A total of 25 building societies have pledged to implement a mortgage policy that allows Armed Forces personnel who are posted overseas to rent out their homes without facing higher mortgage interest rates or a requirement to change their mortgage.
This announcement follows an annual roundtable at No.10 Downing where Philip Dunne, Minister for Defence Procurement, challenged financial institutions to support Armed Forces Personnel.
Those in the armed forces and their families make many sacrifices in serving their country and can face disadvantages in doing so. Personnel are often posted overseas for long periods of time at short notice, which can lead to penalties on their existing financial products such as mortgages.
This move led by the Building Societies Association, whose Head of Mortgage Policy, Paul Broadhead, attended the roundtable, means that members of Armed Forces who rent out their homes during deployment will be allowed to keep their existing mortgage and not have to change to a buy-to-let mortgage. This will save them both money and time.
Amongst the 25 are the largest society, the Nationwide, Yorkshire Building Society, the second largest and the Darlington Building Society which has the Catterick army base in its local area. A full list of all 25 societies can be found in the notes.
Andrew Baddeley-Chappell, Head of Mortgage Strategy & Policy at Nationwide said:
“Recognising that Armed Forces personnel face a unique set of circumstances because of the requirements of the vital role they undertake, including being posted either abroad or to another part of the UK during their service, Nationwide ensures that, should they wish to let out a property they currently own, they are able to do so with minimum restrictions – For some time we have waived application fees or additional interest rates usually associated with letting, and also allowed personnel to let their property, even on a residential mortgage, from inception.”
Andy Caton, Executive Director at Yorkshire Building Society said:
“We will not charge the additional fees and increased interest rate usually introduced after permission to let is given to members of the Armed Forces. In addition we will extend this to Foreign Office officials and those working for international charities and development agencies.
“We recognise the huge personal sacrifice and positive impact made during these overseas postings and feel it is fair to include a wide group of public servants and voluntary workers in these positive changes.”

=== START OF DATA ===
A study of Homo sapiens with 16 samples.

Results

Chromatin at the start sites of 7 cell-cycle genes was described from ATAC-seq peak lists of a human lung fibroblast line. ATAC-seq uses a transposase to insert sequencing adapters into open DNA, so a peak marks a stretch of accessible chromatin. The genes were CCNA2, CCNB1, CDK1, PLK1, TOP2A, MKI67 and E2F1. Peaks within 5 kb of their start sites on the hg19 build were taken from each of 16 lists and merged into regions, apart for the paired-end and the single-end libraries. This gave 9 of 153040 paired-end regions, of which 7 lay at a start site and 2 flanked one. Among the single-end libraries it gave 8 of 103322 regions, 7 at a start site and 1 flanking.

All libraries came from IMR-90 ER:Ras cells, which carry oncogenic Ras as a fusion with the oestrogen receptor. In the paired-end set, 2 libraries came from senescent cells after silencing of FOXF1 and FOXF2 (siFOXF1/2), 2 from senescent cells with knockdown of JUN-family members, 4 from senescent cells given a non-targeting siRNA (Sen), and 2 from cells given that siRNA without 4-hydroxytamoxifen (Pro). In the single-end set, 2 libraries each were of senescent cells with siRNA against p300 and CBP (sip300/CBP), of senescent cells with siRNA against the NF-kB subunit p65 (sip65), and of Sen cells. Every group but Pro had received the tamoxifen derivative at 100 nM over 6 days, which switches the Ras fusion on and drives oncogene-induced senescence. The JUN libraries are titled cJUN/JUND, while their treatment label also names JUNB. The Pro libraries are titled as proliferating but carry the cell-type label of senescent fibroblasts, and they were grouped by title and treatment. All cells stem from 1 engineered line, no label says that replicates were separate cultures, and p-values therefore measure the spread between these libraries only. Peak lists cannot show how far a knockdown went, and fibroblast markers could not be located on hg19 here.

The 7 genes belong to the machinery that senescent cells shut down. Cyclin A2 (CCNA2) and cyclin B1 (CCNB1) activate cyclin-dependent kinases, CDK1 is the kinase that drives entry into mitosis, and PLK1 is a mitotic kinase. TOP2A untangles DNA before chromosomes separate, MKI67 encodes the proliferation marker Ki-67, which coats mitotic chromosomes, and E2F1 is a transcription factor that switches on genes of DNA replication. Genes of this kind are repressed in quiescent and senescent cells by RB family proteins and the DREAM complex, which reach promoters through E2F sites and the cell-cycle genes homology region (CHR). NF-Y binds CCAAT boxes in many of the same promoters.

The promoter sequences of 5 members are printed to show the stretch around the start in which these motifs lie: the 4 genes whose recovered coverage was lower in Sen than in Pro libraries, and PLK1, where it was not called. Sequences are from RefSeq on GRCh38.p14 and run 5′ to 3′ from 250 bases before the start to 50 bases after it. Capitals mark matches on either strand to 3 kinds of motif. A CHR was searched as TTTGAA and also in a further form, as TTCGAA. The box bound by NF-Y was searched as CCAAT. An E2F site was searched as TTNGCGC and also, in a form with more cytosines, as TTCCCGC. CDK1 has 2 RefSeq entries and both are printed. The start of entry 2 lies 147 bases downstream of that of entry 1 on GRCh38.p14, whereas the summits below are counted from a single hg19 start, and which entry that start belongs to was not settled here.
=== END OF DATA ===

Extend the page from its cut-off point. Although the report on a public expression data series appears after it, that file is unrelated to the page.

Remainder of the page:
Colin Fyfe, Chief Executive of the Darlington Building Society said:
“We are very keen to support our service personnel who are stationed abroad and are proud to ensure they are not disadvantaged by the requirements of the job they do. We believe wholeheartedly in supporting our local communities and given our proximity to Catterick, it is important that we offer a practical, hassle-free solution for them.”
The Prime Minister said:
‘The Armed Forces Covenant is something I feel incredibly strongly about – that’s why I haven’t just prioritised the Covenant, I have written it into law. But there is much more to do, so I welcome the commitments that have been made to improve the way our Armed Forces and their families access financial services.’
Defence Secretary Michael Fallon said:
“Looking after your home and your money can be more of a challenge when deployed on operations or serving abroad. This is a welcome first step to help our servicemen and women get a better mortgage deal.”
Sara Baade, Chief Executive of the Army Families Federation said:
“What this recognises is that military families often have limited choice in where they are sent to live. They go overseas because the country needs them to. It will mean a lot to those that have bought their own homes to know that the challenges of service life are beginning to be understood by our building societies."
Notes to editors:
The 25 building societies involved are:
Tipton & Coseley
What is the Armed Forces Covenant, and how does it work?
The Armed Forces Covenant is a promise from the nation that those that those who serve or have served in the Armed Forces, and their families, are treated fairly. The Covenant is enshrined in law and the Government is committed to delivering the best possible outcomes for the Armed Forces community.
The Government works with a range of delivery partners who are signatories of the Covenant, which include businesses, local authorities, charities and community organisations. Signatories make their own promises to support the Armed Forces community and implement these promises through policies, services and projects.